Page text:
When Noah Charney and I give a presentation about invertebrate tracks and sign, we like to spend a little time staring at the outside walls of the venue and see what we can find there. The wall at yesterday’s talk for GoodWorks in Leipers Fork, Tennessee had a lot to offer: in addition to green lacewing and stink bug eggs, which we find attached to walls regularly, we found the first mantidfly eggs we’ve seen in person; there were a number of carpenter bee holes, some of which had bees peeking out of them, others of which had what we believe were bee fly eggs laid around their entrances, and one of which had been filled with a mason wasp nest, into which a torymid wasp was preparing to lay her eggs. After the talk, we were showing these and other curiosities to a couple of the kids that attended our talk, and Noah spotted a blade of grass hanging from the alarm box, which we opened to find a grass-carrying wasp nest, complete with cocoons and the remains of the tree cricket provisions, as well as a big cluster of spider wasp nests. Then Noah called me over to take a closer look at a tiny object that was stuck to one of the pillars. We had both come across it in our explorations before the talk, but for whatever reason hadn’t felt motivated to examine it closely until now:
We both recognized this as the cocoon of a Bucculatrix species. Moths in this genus are sometimes called “ribbed cocoon-maker moths” because of the distinctive pupation cocoons spun by the larvae. However, every one of these we’ve seen before–and we see dozens any time we go for a walk–has been plain-looking, not covered with little figure-eights like this one.
The little figure-eights sent my mind back to something I had heard earlier in the week, somewhere between Vermont and Kentucky. I had been drifting in and out of consciousness while Noah was driving and listening to Annie Dillard’s Pilgrim at Tinker Creek on tape, and at one point I had awoken to hear this passage:
Some species of wasps are so “practiced” as parasites that the female will etch a figure-eight design on the egg of another insect in which she has just laid her egg, and other wasps will avoid ovipositing on those marked, already parasitized eggs.
Of course, this was a cocoon rather than an egg, but as she goes on to say:
There are over one hundred thousand species of parasitic wasps, so that, although many life histories are known, many others are still mysterious. British entomologist R. R. Askew says, “The field is wide open, the prospect inviting.”
She doesn’t mention what kind of wasps she is referring to, but I believe they are platygastrids, based on what I wrote on the last page of my chapter on eggs and egg cases:
Several platygastrids have been observed to mark each parasitized egg by using their ovipositors to scratch circles around the point of insertion, as a warning to others that the egg is already taken. Females in this family may stay with the parasitized eggs until their offspring emerge as adults.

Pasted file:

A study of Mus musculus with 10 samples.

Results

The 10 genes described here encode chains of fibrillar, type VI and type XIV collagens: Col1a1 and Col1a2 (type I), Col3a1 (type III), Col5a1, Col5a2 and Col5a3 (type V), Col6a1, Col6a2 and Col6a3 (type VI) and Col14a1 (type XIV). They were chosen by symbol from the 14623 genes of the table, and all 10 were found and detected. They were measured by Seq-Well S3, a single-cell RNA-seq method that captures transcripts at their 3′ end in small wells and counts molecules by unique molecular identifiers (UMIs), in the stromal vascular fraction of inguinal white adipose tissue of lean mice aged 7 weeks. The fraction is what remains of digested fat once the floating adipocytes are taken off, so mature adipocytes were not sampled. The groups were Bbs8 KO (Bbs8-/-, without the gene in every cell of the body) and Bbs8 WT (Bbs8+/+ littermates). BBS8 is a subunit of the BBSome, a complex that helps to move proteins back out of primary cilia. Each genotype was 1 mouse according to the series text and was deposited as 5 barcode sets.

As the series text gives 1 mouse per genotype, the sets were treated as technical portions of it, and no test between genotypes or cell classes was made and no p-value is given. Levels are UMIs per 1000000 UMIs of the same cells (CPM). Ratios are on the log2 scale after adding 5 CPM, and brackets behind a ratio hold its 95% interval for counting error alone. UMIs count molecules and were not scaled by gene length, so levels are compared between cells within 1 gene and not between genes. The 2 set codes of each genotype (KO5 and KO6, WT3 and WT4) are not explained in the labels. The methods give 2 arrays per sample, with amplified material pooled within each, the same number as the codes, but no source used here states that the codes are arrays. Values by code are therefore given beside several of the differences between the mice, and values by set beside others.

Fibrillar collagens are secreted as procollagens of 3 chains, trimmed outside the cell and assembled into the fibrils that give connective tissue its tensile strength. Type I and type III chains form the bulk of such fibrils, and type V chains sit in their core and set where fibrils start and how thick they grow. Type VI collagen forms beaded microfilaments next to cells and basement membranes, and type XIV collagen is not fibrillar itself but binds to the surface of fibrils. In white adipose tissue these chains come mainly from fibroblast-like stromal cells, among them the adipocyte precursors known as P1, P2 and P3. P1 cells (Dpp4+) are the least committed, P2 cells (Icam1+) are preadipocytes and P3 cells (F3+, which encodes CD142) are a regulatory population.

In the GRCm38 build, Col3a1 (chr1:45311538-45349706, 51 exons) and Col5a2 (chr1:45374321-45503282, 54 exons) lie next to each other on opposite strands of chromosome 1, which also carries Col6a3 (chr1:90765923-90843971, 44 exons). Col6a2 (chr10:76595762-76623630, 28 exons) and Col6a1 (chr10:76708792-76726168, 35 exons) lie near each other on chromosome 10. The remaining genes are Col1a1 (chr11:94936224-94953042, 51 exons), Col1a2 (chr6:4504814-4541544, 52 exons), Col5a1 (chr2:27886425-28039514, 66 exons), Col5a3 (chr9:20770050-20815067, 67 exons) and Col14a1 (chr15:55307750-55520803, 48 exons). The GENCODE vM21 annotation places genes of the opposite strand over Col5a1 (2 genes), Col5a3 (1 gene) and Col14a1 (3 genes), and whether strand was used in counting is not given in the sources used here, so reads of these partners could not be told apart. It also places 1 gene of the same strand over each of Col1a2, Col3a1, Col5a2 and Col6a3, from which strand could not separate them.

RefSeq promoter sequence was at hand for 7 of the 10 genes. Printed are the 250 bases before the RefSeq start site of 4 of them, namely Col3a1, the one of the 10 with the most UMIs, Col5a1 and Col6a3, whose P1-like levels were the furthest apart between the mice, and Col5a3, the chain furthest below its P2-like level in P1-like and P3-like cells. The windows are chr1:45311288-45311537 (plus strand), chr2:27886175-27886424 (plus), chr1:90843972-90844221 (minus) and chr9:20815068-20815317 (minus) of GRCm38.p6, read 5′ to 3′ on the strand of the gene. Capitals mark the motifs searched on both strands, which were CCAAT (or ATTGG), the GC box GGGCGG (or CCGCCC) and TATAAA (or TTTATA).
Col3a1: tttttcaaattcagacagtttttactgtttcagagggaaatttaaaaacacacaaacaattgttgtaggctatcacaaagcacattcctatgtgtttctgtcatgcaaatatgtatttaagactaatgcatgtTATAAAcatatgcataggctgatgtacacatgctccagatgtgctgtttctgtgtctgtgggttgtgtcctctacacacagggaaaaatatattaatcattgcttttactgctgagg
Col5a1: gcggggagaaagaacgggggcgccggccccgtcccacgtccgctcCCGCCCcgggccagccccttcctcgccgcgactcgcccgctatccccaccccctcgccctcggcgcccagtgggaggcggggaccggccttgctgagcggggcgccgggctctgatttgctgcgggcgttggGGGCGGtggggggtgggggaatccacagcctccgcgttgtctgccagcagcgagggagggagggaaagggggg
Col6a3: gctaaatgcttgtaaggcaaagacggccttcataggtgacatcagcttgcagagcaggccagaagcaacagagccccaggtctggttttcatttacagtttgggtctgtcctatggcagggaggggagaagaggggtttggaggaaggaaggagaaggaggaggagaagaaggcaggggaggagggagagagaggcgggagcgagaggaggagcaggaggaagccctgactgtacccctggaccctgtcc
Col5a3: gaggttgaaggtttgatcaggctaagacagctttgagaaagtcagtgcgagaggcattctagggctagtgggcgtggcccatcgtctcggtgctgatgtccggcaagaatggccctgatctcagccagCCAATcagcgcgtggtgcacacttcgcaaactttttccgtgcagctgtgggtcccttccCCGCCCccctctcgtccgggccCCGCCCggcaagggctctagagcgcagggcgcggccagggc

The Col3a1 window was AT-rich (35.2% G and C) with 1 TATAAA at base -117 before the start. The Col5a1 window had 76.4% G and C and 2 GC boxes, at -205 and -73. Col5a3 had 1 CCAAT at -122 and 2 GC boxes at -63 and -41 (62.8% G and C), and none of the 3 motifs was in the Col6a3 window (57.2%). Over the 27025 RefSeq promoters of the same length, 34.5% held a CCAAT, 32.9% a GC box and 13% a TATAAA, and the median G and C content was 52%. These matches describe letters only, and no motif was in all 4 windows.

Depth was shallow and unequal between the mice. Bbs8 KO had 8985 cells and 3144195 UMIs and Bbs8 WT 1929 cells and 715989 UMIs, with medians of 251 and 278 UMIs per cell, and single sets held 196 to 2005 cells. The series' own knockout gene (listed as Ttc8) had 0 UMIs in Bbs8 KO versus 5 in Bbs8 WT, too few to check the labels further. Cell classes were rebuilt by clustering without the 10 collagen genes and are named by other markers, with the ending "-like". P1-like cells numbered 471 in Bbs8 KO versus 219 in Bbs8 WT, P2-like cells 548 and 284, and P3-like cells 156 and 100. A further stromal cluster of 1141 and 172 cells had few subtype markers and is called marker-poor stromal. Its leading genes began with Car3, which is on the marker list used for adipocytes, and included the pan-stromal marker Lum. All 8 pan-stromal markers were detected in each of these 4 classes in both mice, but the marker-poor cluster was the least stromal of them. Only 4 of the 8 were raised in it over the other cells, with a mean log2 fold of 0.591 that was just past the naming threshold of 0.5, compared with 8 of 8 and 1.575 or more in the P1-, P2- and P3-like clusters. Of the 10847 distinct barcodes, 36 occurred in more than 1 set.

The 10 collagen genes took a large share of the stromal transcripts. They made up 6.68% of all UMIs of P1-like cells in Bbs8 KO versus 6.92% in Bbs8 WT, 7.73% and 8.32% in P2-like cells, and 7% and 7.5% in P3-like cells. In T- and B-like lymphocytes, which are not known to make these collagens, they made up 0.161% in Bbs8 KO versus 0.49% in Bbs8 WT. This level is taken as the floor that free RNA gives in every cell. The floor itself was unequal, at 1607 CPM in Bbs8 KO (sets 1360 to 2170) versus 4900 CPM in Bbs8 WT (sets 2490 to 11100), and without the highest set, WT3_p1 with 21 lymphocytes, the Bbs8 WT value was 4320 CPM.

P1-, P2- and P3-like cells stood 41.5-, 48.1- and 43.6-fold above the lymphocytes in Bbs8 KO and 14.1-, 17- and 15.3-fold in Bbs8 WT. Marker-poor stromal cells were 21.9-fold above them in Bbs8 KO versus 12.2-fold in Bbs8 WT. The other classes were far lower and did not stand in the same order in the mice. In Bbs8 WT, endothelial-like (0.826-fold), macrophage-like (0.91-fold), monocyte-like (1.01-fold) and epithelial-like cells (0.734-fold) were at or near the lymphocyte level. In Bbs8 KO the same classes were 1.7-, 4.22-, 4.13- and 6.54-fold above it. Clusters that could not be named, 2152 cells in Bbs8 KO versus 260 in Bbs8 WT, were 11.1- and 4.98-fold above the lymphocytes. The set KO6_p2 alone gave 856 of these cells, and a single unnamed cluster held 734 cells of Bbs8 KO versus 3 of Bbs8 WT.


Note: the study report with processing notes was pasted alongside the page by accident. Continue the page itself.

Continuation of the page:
As an aside, I happen to have found a platygastrid guarding a cluster of predatory stink bug eggs in Nashville the day before yesterday. I didn’t see any markings on the eggs, and frankly I never imagined this was something anybody would be able to see; I just included that tidbit because I thought it was interesting.
Anyway, the last sentence I quoted from Annie Dillard suggests to me that she got her information from the same place I did, R. R. Askew’s 1971 book, Parasitic Insects. I’m curious to see what the original text said that led her to describe figure-eights and me circles. In any case, it seems unlikely that this is the work of a platygastrid, since as far as I can tell these wasps all oviposit in the eggs or young larvae of other insects, not in mature larvae or pupae. But I don’t have a better explanation at this point, so I’m just going to put this out there and hope someone can enlighten me.
[Added 12/29/2012:] Norm Johnson recently wrote to ask permission to use the above photo in a paper he is about to submit on the phylogeny and evolution of the parasitic wasps of the subfamily Telenominae, which includes Trissolcus euschisti, which he told me is the wasp I photographed (“a fairly common species in the U.S., Canada, and extending south into Mexico and Central America”). I took the opportunity to ask for his reaction to this post, and he replied:
I think your description of the egg marking behavior of platygastrids is fairly accurate. I would have a couple of small quibbles. The first is the use of the word “scratch.” It’s probably only being used to evoke the right image in the mind of the reader, but I’d believe that the female wasp is depositing a chemical on the surface of the egg. I think (but it’s been a long time since I actually read it in the literature) that you can remove this mark (with water?) and then the next females in act as if the egg were not already parasitized.
Also, from an evolutionary point of view the story as usually told doesn’t make sense to me. Again my hazy recollection is that in experiments in which a second wasp came in and parasitized an egg that had already been hit, then it was the second wasp that succeeded in reproducing and the offspring of the first was killed. Kind of makes sense if in the act of oviposition the wasp is injecting a venom that disrupts the host embryo. So if the second wasp will displace the first, then why should she avoid ovipositing? My guess is that the egg marking is not done for the benefit of subsequent females, but simply helps the first one from putting a second egg (or dose of venom) into an egg that she’s already parasitized. The second one that comes along and avoids the marked eggs is simply reacting the same way she would if she had marked it herself.
Plenty of speculation: darn few facts. Sorry, but the figure 8’s are as big a mystery to me as you.